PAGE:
Minister for Public Health Shona Robison Officially Opens the Scottish Base of One of the World's Most Advanced Stem Cell Companies
News Sep 20, 2007
Cellartis AB is in the process of creating highly skilled jobs at its R&D and manufacturing facility in Dundee at its premises at Mclagan House at the city's Medipark.
The company was attracted to Scotland to take part in a £9.5million ITI Life Sciences programme and was supported with a Scottish Executive grant of £1.2million in RSA.
Cellartis, headquartered in Gothenburg, is a provider of ethically-derived human embryonic stem cell technologies which are used by academic and government research institutions and pharmaceutical and biotech companies in their work to create improved and safer drugs in the future.
Stem cell research offers huge potential for the life science sector in Scotland. Scottish academic studies in this field, as well as the location of a number of international stem cell players here, means it is viewed as one of the country's major strengths.
The programme Cellartis is involved in and its focus on collaborative research will accelerate Scottish activity in this area and provide an endorsement of Scotland's prominence.
Ms Robison, MSP Dundee East, said "The life sciences sector in Scotland is in excellent health and Cellartis' work here in Dundee will make an enormous contribution to the industry's reputation around the world. The programme will also contribute directly to the development of better, safer drugs.
“It is a great example of partnership working and collaboration which has involved Scottish Development International, Scottish Enterprise Tayside, ITI Life Sciences and universities to secure prestigious research work."
Mats Lundwall, CEO of Cellartis, said “We have been very impressed with the support we have received throughout to help staff make the move to Scotland and set up our base here in such an excellent location.
We are very excited about the research we will be doing here in Dundee and look forward to the further expansion of the company and to developing valuable connections with the life sciences community in Scotland.''
Jill Farrell, director of operations at Scottish Enterprise Tayside, said:
“The life sciences sector makes a significant contribution to Scotland's economy and we are focussed on encouraging further growth, both by supporting Scottish companies to grow and attracting overseas investment.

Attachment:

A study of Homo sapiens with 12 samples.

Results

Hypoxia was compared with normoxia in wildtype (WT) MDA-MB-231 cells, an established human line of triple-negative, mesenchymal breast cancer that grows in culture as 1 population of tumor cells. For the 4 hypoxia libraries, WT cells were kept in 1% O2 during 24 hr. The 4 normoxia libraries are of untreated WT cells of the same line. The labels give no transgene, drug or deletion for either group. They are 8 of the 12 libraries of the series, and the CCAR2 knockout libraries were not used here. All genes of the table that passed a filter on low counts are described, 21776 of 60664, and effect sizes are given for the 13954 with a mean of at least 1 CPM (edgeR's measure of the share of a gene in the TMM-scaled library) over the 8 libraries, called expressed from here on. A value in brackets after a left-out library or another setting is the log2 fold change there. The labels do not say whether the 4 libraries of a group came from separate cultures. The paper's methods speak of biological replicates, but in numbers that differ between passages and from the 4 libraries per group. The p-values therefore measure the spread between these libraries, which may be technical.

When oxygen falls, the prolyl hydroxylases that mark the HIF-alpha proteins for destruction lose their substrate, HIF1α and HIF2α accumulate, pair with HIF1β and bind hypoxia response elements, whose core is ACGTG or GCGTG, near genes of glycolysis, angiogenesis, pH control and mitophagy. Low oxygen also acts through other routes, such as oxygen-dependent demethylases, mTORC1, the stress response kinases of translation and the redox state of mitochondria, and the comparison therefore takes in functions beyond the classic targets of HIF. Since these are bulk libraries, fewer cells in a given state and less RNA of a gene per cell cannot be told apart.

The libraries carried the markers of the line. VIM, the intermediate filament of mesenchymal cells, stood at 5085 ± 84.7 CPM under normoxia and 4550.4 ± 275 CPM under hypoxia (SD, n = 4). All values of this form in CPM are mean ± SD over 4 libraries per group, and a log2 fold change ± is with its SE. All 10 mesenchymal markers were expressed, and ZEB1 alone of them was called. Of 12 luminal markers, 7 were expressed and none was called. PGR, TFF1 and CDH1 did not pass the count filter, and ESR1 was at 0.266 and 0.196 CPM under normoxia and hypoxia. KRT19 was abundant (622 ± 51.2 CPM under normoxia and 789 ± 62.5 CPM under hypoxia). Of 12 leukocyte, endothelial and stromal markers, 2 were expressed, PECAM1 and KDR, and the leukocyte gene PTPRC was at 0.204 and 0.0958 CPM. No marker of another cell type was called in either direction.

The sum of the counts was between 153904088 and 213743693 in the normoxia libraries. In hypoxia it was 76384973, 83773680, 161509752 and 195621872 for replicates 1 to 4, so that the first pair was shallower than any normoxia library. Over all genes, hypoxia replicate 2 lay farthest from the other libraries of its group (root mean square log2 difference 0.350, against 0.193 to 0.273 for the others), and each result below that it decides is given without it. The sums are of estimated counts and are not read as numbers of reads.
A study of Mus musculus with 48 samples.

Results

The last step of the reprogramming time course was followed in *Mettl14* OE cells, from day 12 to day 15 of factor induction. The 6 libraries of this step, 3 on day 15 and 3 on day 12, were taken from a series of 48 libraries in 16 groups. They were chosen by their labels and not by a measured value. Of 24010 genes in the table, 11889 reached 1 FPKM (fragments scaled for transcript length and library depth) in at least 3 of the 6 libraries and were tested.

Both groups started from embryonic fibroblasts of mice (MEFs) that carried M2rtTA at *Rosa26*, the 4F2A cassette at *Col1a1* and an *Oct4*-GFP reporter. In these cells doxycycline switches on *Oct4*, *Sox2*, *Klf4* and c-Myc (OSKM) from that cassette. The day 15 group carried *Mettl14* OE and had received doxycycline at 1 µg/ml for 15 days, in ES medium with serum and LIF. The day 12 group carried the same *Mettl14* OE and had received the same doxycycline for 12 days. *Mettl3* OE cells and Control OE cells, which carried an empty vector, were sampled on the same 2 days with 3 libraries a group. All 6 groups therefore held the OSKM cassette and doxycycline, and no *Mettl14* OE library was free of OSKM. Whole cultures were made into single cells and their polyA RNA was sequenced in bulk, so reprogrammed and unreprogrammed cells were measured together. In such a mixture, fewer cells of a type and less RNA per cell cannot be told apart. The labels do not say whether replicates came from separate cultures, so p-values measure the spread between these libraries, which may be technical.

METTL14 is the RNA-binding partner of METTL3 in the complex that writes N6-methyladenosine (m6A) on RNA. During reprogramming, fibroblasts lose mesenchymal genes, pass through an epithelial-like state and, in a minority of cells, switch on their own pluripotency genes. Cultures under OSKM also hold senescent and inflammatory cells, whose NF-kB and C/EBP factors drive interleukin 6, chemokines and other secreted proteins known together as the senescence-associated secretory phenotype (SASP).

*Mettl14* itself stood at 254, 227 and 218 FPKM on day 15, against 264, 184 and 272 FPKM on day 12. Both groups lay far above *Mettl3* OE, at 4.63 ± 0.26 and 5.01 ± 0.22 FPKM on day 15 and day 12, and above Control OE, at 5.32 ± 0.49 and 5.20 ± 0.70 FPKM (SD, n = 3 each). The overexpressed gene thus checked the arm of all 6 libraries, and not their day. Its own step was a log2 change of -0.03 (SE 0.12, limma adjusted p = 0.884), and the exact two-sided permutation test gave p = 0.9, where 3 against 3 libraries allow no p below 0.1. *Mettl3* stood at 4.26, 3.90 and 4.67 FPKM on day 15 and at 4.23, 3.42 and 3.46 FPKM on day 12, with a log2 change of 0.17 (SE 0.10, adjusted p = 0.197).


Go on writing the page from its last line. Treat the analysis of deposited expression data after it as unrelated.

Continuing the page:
“Attracting such a prestigious company to Tayside is a major coup. In addition to the skills and research capabilities available in the area, Cellartis was impressed by the premises available at the Medipark.
SE Tayside and our partners at Dundee City Council are working to encourage more life sciences companies to locate at Dundee Medipark where they can share knowledge and experiences which may lead to more developments and stimulate further growth.''
Eleanor Mitchell, MD of ITI Life Sciences, added: “Cellartis are the third international company that has set up in Scotland to deliver on our R&D initiatives and help to build the life sciences cluster in Scotland in the longer term.''
Earlier this year, the company announced the agreement of a joint research programme funded by ITI Life Sciences to develop an automated process to produce high quality stem cells, a capability that currently does not exist anywhere else in the world.
The programme will be funded with up to £9.5million over three years and involves researchers at the University of Glasgow, University of Dundee and Heriot-Watt University.
Bringing together world-class expertise in the molecular mechanisms that control cell signalling and development, and significant know-how in growing, handling and maintaining stem cells, the programme will aim to solve the main issues involved in the production of high volumes of quality stem cells.
The spatial and temporal dynamics of proteins or organelles plays a crucial role in controlling various cellular processes and in development of diseases. However, acute control of activity at distinct locations within a cell cannot be achieved. A new chemo-optogenetic method enables tunable, reversible, and rapid control of activity at multiple subcellular compartments within a living cell.